While many would argue that grime’s best days were more than a decade ago, the resurgence of its popularity and quality begs to differ. True, legends such as Dizzee Rascal took long (and rather embarrassing) digressions into pop territory, but both old and new artists have revived the genre. Perhaps more importantly, it has grown from London and the UK to new markets abroad. Figures like Skepta and Giggs have found themselves remixed by pop stars like Drake and even featured on albums by rappers like A$AP Rocky.

Purists may bemoan the growing influence of American hip hop on the scene as a whole, but while it is true that genre distinctions have been blurring, the culture’s main distinctions remain prevalent. Skepta’s 2016 album Konnichiwa is a prime example of grime mixed with more pop tendencies. Songs such as “Man” and “Shutdown” permeated the mainstream charts in the UK and abroad, and have contributed to the genre’s newfound popularity. Others such as Dave, AJ Tracey (featured together in the marvelous “Thiago Silva”) and Stormzy have become major cultural figures in the UK and beyond. While their works don’t quite feature the level of intensity that is familiar to older fans of grime, the influence of the genre on their work is undeniable. In addition to the new bloods, stalwarts such as Wiley have released critically-acclaimed, more reflective albums with tracks that will surely become future classics. Old feuds have been resolved and now lay the ground for exciting collaborations and new, talented producers have added some needed variety and creativity.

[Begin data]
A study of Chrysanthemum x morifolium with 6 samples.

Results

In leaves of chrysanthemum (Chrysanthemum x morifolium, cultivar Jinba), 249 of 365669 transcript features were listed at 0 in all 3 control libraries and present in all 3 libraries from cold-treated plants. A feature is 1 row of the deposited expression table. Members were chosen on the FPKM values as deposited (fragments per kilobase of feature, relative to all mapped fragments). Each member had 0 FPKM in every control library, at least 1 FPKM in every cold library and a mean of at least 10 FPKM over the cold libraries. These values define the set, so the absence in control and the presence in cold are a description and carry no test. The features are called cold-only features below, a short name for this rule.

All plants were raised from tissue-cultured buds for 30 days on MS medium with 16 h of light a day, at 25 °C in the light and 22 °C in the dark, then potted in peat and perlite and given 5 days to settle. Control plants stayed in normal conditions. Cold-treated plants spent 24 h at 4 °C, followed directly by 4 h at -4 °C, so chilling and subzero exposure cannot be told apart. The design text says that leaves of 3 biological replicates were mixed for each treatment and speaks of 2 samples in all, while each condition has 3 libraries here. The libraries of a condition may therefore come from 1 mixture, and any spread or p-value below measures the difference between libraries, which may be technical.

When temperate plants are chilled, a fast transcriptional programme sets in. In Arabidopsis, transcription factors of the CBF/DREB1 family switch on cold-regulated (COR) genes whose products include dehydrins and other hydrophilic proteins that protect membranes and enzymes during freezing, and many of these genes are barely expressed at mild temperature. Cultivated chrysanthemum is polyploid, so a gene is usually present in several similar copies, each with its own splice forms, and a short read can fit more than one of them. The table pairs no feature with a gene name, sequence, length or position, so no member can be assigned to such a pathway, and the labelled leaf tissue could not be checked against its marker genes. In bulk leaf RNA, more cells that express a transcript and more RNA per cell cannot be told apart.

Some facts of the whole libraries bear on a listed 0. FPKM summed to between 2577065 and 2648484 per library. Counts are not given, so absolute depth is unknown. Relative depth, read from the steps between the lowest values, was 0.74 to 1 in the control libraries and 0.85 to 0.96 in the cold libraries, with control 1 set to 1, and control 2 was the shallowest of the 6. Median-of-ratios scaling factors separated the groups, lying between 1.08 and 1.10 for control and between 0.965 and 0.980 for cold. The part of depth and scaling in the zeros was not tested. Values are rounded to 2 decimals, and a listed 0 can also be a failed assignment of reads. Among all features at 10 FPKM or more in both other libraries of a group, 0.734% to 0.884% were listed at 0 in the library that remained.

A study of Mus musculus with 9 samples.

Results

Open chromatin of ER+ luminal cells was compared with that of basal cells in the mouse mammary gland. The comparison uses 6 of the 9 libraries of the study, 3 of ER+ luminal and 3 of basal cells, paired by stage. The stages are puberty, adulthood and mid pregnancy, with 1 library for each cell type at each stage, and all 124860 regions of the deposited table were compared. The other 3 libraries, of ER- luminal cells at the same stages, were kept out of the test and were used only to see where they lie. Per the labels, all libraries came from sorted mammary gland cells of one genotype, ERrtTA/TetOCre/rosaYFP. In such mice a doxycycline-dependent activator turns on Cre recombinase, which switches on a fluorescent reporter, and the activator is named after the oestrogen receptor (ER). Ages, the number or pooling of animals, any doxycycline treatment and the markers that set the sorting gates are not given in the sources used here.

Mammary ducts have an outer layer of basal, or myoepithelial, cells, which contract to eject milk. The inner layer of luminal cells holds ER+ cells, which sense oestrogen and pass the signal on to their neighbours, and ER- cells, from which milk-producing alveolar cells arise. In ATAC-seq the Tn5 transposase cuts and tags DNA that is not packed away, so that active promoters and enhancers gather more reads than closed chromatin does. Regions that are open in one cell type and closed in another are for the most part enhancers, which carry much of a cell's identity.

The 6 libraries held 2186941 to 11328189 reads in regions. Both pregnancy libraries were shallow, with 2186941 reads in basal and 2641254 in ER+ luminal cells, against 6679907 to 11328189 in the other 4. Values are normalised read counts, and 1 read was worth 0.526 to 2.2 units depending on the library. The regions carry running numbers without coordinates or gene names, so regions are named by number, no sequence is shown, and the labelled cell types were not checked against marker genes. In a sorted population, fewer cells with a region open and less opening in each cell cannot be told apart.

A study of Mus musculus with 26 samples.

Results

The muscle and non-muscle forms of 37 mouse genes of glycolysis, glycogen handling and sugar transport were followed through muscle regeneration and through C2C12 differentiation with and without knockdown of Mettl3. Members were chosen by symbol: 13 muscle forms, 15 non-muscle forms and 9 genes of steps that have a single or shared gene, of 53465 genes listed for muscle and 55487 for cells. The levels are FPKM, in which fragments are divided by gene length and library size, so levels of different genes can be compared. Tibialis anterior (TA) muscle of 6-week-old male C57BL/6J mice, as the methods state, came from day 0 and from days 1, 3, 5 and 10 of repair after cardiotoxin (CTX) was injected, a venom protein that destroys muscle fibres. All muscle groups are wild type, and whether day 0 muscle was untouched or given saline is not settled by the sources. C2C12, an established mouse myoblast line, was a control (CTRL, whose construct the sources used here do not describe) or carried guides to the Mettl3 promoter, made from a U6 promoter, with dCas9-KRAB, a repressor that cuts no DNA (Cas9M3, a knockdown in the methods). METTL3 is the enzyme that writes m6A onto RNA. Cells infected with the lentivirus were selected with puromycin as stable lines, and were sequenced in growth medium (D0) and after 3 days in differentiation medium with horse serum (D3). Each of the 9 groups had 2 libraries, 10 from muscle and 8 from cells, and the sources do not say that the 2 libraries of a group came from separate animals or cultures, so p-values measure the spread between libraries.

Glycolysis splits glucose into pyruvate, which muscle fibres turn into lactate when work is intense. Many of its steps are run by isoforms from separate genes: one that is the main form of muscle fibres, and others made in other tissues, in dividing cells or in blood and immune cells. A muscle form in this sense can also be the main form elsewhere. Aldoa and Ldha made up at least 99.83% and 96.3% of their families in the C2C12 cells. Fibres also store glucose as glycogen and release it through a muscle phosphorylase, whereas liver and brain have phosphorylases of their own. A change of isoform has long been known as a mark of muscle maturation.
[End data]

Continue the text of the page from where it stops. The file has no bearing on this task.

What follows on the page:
What may be the biggest obstacle in the preservation of classic grime culture is the fact that it is not entirely an album-oriented genre that lends well to streaming services. Grime’s best moments occurred in events such as radio mixes, where MC’s alternate nonstop for hours over a mix of classic instrumentals. Its feuds and stylistic transitions are labyrinthine in nature and hard to appreciate simply by listening to playlists of selected tracks. Moreover, the genre is borrowing more from American hip hop trends, including trap-style beats instead of the reggae, ragga and garage style beats of old.

Nonetheless, grime is alive and well, and the fact that it hasn’t taken over the world yet might be one of its appealing qualities. The genre is unapologetically urban and British, a niche subculture in the sea of musical styles that float around the world, co-opted by groups of all creed and color. Just as it may be difficult to completely appreciate a Pakistani qawwali tune or a French chanson, it may be difficult to appreciate the sheer complexity of the history of grime. However, it can’t stop you from enjoying the energy and fun that it brings.